YOUNG people, abuse survivors and bereaved families have celebrated the Online Safety Act becoming law at an NSPCC reception in Parliament.
The legislation was given Royal Assent on 26 October after years of campaigning.
It will put a legal duty on tech companies to protect children from sexual abuse and harmful material on social media sites, gaming apps and messaging services.
The group Bereaved Families for Online Safety was integral in achieving stronger protection for children in the legislation.
Ruth Moss, a member of the group, joined fellow campaigners, politicians, civil society and regulators to welcome the legislation.
Ruth’s daughter Sophie Parkinson tragically took her own life in March 2014 when she was only 13-years-old after she was exposed to harmful content online.
Sophie was self-harming and viewing self-harm and suicide content from the age of 12.
She had also had online relationships with older men and looked at violent pornography.
Ruth, a nurse from Dalkeith near Edinburgh, said: “For at least two years, we struggled to keep Sophie safe online.”
Ruth said that she had removed devices, restricted internet use, implemented parental controls and had conversations about internet safety with Sophie.
“These were not enough to prevent her from being exposed to content that promoted self-harm, suicide and dark, graphic, harmful material.
“She managed to view violent pornography and have online conversations with adult male strangers.
“Complaining to internet and social media companies was either impossible or futile.
“As parents, it felt like one step forward and two steps back, especially when balancing her need to use the internet for school and controlling her use.
“We quickly realised that parents alone can’t control what their child sees on the internet.
“The impact of Sophie viewing this harmful material was a deterioration in her existing mental health struggles, with devastating consequences.
“We will never truly recover from her death, and it is rightly every parent’s worst nightmare.
“This legislation is a good first step,” Ruth added.
“It sends a message to tech companies that safety should not be compromised for the sake of profit and that tech companies can’t deny responsibility for keeping their service users safe on their websites.
“In my opinion, the enforcement of the bill is key. This will be challenging.
“It will require Ofcom going up against some of the most powerful and influential organisations in the world. Ofcom will have a difficult job.”
Young people who campaigned with the NSPCC and a mum whose daughter was sexually abused on social media, spoke at the event.
They joined the NSPCC Chief Executive Sir Peter Wanless and Ofcom Chief Executive Dame Melanie Dawes who will be responsible for the Act’s implementation.
The event was chaired by Sajid Javid MP who was Home Secretary when regulation to help protect children online was first promised by the Government in 2018, following the launch of the NSPCC’s Wild West Web campaign.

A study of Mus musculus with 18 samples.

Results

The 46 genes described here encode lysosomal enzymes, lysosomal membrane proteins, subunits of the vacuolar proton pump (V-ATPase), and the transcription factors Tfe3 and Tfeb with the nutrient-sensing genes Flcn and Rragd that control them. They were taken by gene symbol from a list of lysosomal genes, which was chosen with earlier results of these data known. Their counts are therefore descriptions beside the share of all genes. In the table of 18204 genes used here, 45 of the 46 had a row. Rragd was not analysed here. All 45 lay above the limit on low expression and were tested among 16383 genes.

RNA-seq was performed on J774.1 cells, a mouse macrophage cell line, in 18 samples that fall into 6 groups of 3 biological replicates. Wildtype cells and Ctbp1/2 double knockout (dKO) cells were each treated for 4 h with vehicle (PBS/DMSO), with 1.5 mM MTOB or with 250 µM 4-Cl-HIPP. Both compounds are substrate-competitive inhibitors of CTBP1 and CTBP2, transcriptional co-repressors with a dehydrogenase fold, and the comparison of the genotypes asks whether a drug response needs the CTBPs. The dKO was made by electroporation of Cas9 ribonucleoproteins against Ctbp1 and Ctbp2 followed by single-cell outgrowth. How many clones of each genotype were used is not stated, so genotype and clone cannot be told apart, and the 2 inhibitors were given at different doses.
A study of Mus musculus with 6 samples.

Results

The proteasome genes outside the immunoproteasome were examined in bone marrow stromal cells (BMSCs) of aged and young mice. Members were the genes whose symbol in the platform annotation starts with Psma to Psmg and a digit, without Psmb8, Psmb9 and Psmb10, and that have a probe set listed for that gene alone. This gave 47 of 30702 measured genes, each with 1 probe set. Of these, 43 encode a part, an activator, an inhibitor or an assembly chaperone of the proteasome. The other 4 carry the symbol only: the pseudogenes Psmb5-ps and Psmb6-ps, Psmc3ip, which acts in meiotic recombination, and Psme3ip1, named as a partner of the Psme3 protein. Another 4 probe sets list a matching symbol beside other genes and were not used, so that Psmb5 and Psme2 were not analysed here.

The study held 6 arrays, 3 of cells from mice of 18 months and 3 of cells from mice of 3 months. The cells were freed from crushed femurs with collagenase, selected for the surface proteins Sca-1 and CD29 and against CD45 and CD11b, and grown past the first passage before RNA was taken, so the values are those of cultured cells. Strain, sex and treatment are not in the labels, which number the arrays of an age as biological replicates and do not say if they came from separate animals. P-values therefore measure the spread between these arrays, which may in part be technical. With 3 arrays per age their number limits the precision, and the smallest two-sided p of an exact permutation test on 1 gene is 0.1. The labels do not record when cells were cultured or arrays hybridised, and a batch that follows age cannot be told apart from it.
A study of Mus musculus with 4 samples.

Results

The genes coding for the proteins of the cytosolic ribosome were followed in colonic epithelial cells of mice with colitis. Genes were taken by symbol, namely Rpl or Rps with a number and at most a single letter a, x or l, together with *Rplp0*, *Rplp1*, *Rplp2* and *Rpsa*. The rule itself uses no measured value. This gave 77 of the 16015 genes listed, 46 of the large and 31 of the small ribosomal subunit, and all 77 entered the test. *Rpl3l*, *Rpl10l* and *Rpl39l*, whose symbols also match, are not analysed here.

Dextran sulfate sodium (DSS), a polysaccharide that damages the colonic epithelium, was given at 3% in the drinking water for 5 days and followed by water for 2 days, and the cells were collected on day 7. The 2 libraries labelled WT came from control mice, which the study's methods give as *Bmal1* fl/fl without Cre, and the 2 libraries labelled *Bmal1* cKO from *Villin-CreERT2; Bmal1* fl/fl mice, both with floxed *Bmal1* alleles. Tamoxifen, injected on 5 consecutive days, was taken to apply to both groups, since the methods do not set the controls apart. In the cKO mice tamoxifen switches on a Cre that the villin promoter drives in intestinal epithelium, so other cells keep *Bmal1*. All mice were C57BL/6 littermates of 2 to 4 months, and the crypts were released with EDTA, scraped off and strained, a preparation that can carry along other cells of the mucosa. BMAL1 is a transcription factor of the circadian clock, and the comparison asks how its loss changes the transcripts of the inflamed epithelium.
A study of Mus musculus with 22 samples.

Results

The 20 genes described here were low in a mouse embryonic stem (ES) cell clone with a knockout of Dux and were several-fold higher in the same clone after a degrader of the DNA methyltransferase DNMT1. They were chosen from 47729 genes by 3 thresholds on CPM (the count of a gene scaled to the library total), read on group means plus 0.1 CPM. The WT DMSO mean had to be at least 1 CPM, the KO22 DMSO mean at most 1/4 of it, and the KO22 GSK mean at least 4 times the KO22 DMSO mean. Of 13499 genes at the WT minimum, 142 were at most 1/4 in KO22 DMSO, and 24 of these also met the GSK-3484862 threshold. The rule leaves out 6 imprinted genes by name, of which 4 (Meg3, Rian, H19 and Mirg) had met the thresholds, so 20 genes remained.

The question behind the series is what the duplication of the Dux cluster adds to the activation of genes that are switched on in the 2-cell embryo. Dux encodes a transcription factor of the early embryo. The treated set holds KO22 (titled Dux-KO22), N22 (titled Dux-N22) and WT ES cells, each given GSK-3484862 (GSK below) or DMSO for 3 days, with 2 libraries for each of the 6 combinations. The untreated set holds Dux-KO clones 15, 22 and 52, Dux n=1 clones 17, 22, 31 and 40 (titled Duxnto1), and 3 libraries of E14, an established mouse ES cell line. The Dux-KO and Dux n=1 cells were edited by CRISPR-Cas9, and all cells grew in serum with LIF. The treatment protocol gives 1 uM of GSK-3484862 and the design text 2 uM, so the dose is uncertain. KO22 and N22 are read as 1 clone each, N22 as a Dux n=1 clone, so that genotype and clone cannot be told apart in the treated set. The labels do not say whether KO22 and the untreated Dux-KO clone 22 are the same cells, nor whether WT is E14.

At the reception there was a clear focus on ensuring young people’s voices and experiences are central to the implementation of the Online Safety Act, so it results in meaningful change for children as soon as possible.
The event came as Ofcom prepares to set out the rules which tech companies will have to follow to tackle child sexual abuse and protect children from harmful material.
The codes of practice will be consulted on before being implemented.
However, those at the event were united in their expectation that tech companies should not wait to begin putting concrete measures in place to make their sites safe by design for children.
Sir Peter Wanless, NSPCC Chief Executive, said: “It was an honour to bring together so many people from different walks of life whose campaigning and dedication has helped make the Online Safety Act possible.
“I want to particularly thank everyone who has been impacted by online abuse and unimaginable harm who have campaigned selflessly to help protect others.
“While we rightly celebrated today, it was also a catalyst towards working together to ensure the legislation results in the protections online children desperately need.
“We look forward to seeing the landmark Act implemented with bold ambition to ensure there is a rigorous focus on children as regulation comes into force.”
Dame Melanie Dawes, Ofcom’s Chief Executive, said: “We’re grateful for all the hard work that went into getting these new laws onto the statute books.
“It means we now have regulation that will make a real difference in creating a safer life online for people – particularly children – in the UK.
“This is a big job, and we’re ready, but we won’t be doing it alone.
“Young people’s voices have shaped the foundations, and now we want to hear from them again to make sure we get the technical detail right.
“Next week, we’ll be consulting on the specific measures that tech firms can take to protect their users from illegal harms online, including child sexual abuse and grooming, and pro-suicide content.”
Technology Secretary Michelle Donelan said: “I am immensely proud of the work that has gone into the Online Safety Act from its very inception to it becoming law.
“At the heart of this Act is the protection of children.
“I would like to thank the campaigners, parliamentarians, survivors of abuse and charities including the NSPCC, that have worked tirelessly, not only to get this Act over the finishing line, but to ensure that it will make the UK the safest place to be online in the world.”
Many volunteers with lived experience of abuse who have campaigned with the NSPCC for robust legislation also joined the reception.
The NSPCC set up an installation outside the Houses of Parliament thanking the over 147,000 campaigners who backed the legislation.
The charity has released a video with young people welcoming the Online Safety Act.